Three of the most influential fictional worlds that had the most impact on my childhood imagination were (in no particular order): The Wizard Of Oz, E.T. The Extra Terrestrial, and Alice In Wonderland. Each one, in their own unique way, helped shape my perception of the world around me, and more importantly — where my dreams tended to travel when I closed my eyes each night. So imagine my level of intrigue and curiosity when earlier this morning I discovered there is an extremely rare cookbook in existence which is completely inspired by Alice In Wonderland. Written by John Fisher, the cookbook was inspired by the multitude of references to food and to eating found in Lewis Carroll‘s famous classics, Alice’s Adventures in Wonderland and Through the Looking Glass. One thinks immediately of such delicacies as the “Drink Me” bottle and the “Eat Me” cake, and of course the Queen of Hearts’ famous jam tarts. Fisher has prepared a set of recipes to delight the palate of any Lewis Carroll fan, and each is accompanied by an appropriate extract from Alice’s adventures as well as Tenniel’s evocative illustrations. The following are three examples of recipes found in the book:
LOOKING GLASS CAKE: 1 pound flour | ½ pound butter | 4 ounces currants | 4 ounces mixed peel | 3 ounces raisins | ½ pound castor sugar | 2 teaspoons baking powder | 3 eggs | 1 teaspoon mixed spice | milk. INSTRUCTIONS: 1) Cream butter and sugar until fluffy. 2) Beat eggs and whisk gradually into the creamed mixture. 3) Sift flour and baking powder and fold into the mixture by degrees. 4) Finally mix in fruit and spice. 5) The mixture should now be of such a consistency that it will drop easily from the spoon. Add milk only if necessary. 6) Turn into a cake tin approximately 7 ½ inches in diameter lined with greaseproof paper. 7) Bake for 2-3 hours in a slow oven at 300 degrees Fahrenheit, Gas Mark 2. 8) Test with a skewer to see if cooked. Insert it in the centre. If it comes out clean, the cake is ready to be placed on a wire rack to cool. 9) Cut it first and hand round afterwards.
FLOWER SALAD: acacia flowers | marrow flowers | rosemary flowers | borage flowers | cowslip flowers | elderflowers | marigold petals | nasturtium petals and trumpets | green salad | olive oil | vinegar. INSTRUCTIONS: 1) All the flowers listed were once commonly accepted for culinary purposes. 2) Scald the petals with hot water. 3) Leave to cool. 4) Arrange a bed of green salad including lettuce, parsley, thyme, chives, sorrel leaves, sliced raw cabbage or spinach, according to availability. 5) Add the flowers to the centre. 6)Serve with oil and vinegar dressing, proof that some flowers, at least do have the edible qualities of the other flour.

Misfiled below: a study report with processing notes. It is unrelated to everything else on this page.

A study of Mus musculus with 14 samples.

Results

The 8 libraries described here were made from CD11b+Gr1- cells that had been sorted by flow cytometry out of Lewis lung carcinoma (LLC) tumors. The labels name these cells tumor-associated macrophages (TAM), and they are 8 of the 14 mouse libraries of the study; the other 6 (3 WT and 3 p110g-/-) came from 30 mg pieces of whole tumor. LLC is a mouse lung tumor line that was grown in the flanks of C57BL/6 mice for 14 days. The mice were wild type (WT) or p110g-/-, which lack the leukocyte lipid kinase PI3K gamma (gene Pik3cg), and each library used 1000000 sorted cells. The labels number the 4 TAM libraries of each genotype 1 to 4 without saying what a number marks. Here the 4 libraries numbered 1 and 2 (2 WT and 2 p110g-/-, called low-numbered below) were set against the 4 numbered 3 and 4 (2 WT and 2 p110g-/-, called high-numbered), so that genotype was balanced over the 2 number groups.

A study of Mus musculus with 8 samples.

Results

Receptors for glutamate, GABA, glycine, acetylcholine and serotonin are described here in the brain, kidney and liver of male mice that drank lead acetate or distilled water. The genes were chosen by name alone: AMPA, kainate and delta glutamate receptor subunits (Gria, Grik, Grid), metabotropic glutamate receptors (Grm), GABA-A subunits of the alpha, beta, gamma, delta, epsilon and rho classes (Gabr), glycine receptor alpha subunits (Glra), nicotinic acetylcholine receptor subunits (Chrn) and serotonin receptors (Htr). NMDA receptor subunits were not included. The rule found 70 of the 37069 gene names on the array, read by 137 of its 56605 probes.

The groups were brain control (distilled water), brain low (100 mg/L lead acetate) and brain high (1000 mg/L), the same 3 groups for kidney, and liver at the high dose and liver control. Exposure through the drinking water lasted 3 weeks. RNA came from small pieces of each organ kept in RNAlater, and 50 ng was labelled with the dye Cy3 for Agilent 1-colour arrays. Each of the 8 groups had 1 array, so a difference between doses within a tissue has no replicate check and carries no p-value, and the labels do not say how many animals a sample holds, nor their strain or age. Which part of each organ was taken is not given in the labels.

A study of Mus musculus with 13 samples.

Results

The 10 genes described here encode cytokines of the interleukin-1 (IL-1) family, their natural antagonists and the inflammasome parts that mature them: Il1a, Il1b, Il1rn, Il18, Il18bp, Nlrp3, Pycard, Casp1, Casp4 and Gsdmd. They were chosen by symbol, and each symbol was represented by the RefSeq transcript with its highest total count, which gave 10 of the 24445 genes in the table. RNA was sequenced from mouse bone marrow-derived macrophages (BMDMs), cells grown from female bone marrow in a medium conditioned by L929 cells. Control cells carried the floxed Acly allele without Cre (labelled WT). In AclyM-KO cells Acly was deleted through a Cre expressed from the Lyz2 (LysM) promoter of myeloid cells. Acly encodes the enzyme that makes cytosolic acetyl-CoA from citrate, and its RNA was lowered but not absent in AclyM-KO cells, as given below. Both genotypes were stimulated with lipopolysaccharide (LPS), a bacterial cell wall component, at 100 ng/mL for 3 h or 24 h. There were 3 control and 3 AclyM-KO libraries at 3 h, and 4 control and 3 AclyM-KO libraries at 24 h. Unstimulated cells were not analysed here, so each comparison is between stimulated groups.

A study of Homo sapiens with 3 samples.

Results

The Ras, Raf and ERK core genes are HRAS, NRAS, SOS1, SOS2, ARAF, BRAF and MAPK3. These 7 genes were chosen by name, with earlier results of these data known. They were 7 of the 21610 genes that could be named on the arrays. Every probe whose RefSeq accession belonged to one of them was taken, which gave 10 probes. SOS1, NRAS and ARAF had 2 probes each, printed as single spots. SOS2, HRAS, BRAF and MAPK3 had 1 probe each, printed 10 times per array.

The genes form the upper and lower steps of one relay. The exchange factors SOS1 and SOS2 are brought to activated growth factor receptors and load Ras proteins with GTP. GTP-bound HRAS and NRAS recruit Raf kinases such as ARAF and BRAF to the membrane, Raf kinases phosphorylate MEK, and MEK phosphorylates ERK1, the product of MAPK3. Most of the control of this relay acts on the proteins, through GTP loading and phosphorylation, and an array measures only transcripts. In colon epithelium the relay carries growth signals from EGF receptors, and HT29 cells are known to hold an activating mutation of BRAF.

A TOAST TO ALICE: 1 flagon cider | 8 lumps sugar | 2 oranges | 8 cloves | 1 teaspoon grated nutmeg | 1 cinnamon stick | 8 teaspoons water | 1 lemon | 1 sherry glass of rum | 1 sherry glass of brandy. INSTRUCTIONS: 1) Rub the sugar against the rind of one of the oranges to remove zest. 2) Cut the orange in half, and squeeze out juice into a saucepan. 3) Cut the orange into 8 segments. 4) Stick a clove in each and sprinkle with nutmeg. 5) Add to the pan with the water and cinnamon. 6) Cut lemon rind into strips and add this also. 7) Heat over a gentle flame until sugar dissolves. 8) Simmer for 5 minutes. 9) Take away from heat to cool. 10) Remove cinnamon stick. 11) Add cider and reheat. 12) Add rum and brandy. 13) Serve hot in a heated punch bowl. 14) “And welcome Queen Alice with ninety-times-nine!”
You can learn much more about the book, which includes recipes for “Ambidextrous Mushrooms” to “Bread-and-Butter-Fly Pudding” (just to name two more) by visiting BrainPickings.org. It’s here where you’ll also enjoy an excerpt from Lewis Caroll himself who provides his tips on etiquette in a piece entitled Hints for Etiquette: Or, Dining Out Made Easy.